Keywords are important. This is something that anyone interested in SEO or online marketing is taught from the outset, and it is very true, they are important.

Did you know though, that there are a variety of different types of keywords?

There are things like exact match, broad match, long-tail and so on.

One type of keyword that doesn’t always get the attention it deserves is called LSI or Latent Semantic Indexing keywords.

What are they?

It’s typical of any industry to create an obscure name for something really quite simple. LSI keywords are at the very core related keywords and synonyms.

They are used by search engines to check for two things:

  • To see if you are keyword stuffing
  • To see if the content is truly about a particular topic

You see, by looking for terms and phrases that are related to the content’s topic, Google et al can tell both of those things above.

Let’s take an example. If you use the phrase Internet Marketing in your article and you keep using it throughout, Google will realise that your article is about Internet Marketing, but they will also assume you are possibly keyword stuffing, which is a no no.

If however, you mix the phrases up a bit and use variations such as online marketing, making money online, etc, it comes across as more natural and boosts the idea that your article is about Internet Marketing.

Why they matter

As mentioned from a search engine point of view, the same phrase being repeated multiple times raises a flag and could in theory reduce the impact your otherwise excellent article could have in the rankings.

Another aspect here is that you can in theory rank for other keywords as a result of implementing LSI keywords. Because you are using varied language to represent the same theme, these will also be indexed along with the core keyword or phrase.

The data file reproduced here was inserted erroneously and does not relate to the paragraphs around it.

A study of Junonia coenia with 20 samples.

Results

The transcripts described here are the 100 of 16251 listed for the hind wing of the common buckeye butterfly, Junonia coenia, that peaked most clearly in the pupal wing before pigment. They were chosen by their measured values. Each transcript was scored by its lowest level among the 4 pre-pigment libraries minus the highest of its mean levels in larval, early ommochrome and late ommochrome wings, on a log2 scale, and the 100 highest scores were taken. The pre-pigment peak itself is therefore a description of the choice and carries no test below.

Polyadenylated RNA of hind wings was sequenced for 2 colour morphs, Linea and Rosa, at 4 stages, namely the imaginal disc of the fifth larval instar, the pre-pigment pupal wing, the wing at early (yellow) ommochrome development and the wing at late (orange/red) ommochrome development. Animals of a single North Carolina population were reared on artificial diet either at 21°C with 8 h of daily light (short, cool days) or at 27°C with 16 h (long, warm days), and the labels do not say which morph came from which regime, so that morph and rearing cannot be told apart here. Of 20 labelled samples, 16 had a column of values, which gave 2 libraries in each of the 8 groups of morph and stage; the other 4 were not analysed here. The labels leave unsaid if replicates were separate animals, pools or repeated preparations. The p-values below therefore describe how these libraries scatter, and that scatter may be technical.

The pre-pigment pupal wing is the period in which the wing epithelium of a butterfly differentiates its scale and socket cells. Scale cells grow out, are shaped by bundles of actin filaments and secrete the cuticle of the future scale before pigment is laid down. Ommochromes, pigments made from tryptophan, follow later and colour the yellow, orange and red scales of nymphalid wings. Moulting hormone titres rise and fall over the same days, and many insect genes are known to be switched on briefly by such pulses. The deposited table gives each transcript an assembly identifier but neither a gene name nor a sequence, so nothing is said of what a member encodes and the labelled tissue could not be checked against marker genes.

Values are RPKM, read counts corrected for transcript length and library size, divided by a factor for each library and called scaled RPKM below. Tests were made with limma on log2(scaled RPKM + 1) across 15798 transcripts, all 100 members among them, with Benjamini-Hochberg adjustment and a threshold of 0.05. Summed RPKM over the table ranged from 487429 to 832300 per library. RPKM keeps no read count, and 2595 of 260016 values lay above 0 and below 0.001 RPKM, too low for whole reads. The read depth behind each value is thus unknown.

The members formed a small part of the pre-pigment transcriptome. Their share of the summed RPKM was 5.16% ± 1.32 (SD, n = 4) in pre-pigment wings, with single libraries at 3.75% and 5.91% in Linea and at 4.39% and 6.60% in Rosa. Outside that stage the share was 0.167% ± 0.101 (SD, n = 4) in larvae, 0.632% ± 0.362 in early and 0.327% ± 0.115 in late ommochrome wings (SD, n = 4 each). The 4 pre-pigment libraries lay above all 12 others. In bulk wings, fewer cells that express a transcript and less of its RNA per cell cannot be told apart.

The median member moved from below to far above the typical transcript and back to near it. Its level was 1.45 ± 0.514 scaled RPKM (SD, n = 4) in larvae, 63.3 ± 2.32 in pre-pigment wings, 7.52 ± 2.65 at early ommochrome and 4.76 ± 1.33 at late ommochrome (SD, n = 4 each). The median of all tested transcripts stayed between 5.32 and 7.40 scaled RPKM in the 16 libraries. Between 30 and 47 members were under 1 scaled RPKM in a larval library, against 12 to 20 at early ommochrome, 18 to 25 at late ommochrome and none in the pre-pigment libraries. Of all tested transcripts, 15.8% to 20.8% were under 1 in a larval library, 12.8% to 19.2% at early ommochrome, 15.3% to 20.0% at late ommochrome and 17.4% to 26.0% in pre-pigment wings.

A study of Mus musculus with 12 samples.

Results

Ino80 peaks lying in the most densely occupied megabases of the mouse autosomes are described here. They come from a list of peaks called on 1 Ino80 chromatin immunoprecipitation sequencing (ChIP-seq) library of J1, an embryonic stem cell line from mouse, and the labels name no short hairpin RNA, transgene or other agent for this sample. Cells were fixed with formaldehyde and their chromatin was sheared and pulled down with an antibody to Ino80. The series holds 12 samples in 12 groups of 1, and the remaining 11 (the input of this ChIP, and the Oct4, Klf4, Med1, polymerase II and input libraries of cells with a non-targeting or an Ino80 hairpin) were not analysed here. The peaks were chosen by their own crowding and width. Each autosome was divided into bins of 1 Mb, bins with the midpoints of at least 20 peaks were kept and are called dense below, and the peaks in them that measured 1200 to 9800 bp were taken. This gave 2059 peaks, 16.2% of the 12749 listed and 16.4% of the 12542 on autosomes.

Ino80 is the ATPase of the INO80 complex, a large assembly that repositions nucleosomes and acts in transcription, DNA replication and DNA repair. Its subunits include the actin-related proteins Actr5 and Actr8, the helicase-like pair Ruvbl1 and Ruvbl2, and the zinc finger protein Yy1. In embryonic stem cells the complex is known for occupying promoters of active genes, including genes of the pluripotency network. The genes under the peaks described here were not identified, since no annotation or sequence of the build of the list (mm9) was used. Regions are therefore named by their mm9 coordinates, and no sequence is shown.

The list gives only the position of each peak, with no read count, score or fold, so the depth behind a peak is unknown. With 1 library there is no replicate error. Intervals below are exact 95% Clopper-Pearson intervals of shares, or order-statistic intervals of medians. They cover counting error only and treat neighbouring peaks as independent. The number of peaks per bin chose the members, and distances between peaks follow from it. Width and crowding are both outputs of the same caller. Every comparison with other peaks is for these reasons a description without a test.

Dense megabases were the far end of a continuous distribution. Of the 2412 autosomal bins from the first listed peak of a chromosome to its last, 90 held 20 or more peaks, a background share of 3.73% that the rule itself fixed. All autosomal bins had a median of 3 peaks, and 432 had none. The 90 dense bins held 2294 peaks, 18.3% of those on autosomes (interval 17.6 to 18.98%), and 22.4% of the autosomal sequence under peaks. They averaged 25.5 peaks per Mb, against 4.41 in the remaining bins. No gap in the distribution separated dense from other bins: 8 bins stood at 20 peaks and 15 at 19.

From a visitor’s point of view, I like to use a book analogy here. If an author of a book uses the same word or phrase over and over again it become increasingly annoying and jarring. However, if the author varies it the reader doesn’t notice and it flows much more smoothly.

The same goes for your readers, LSI keywords help you to improve the range of language in your articles and thus make it easier on the reader.

How to find them

LSI keywords will naturally appear within an article if written for the reader, but it doesn’t hurt to research some based on your topic, in order to help improve the overall SEO of the article.

Luckily there are a few places on the web that make this easy.

Google’s Autocomplete System

When searching for something in Google, the search engine provides some suggestions as you type in the key word or phrase. These are not just randomly shown, but are in fact other searches related to your topic

As such, the autocomplete function can be “mined” for alternative terms for your topic.

Google Keyword Tool

Another helpful tool from Google which most marketers are aware of, is the Keyword tool.

Though aimed at Adwords, it can also be used to find different terms to use.


Of course the internet wouldn’t be the internet if there wasn’t already a site that can be used to help you with something. In this case uses a Google search and some magic to help find LSI’s for you.

How to use them

In general LSI keywords can be used wherever you like within an article, especially if you feel like you keep repeating the same phrase over and over.

It is also a wise idea to include them in:

  • Headings and titles
  • As anchor text for links
  • As anchor text for external backlinks

Using these different phrases as part of a backlinking strategy is definitely a must. If Google sees that all your incoming links are the same phrase or even just a couple of phrases, it may well raise a flag that your site is trying to game the system.

While you don’t need to go overboard on the variety of phrases used, a handful is definitely much better than one or two.

The Bottom Line

For me the bottom line here is to make sure that you mix up your language: the variety will not only help improve your SEO, but will make your articles easier and more enjoyable to read!


  • Daniel N
    Daniel N

    Interesting article. I always wonder if you should really just use your long tail keyword once in the title or as an H1 and then just completely forget about it after that and write naturally.

    Usually though, I use my long tail keyword maybe 2 or 3 times at most. What do you think?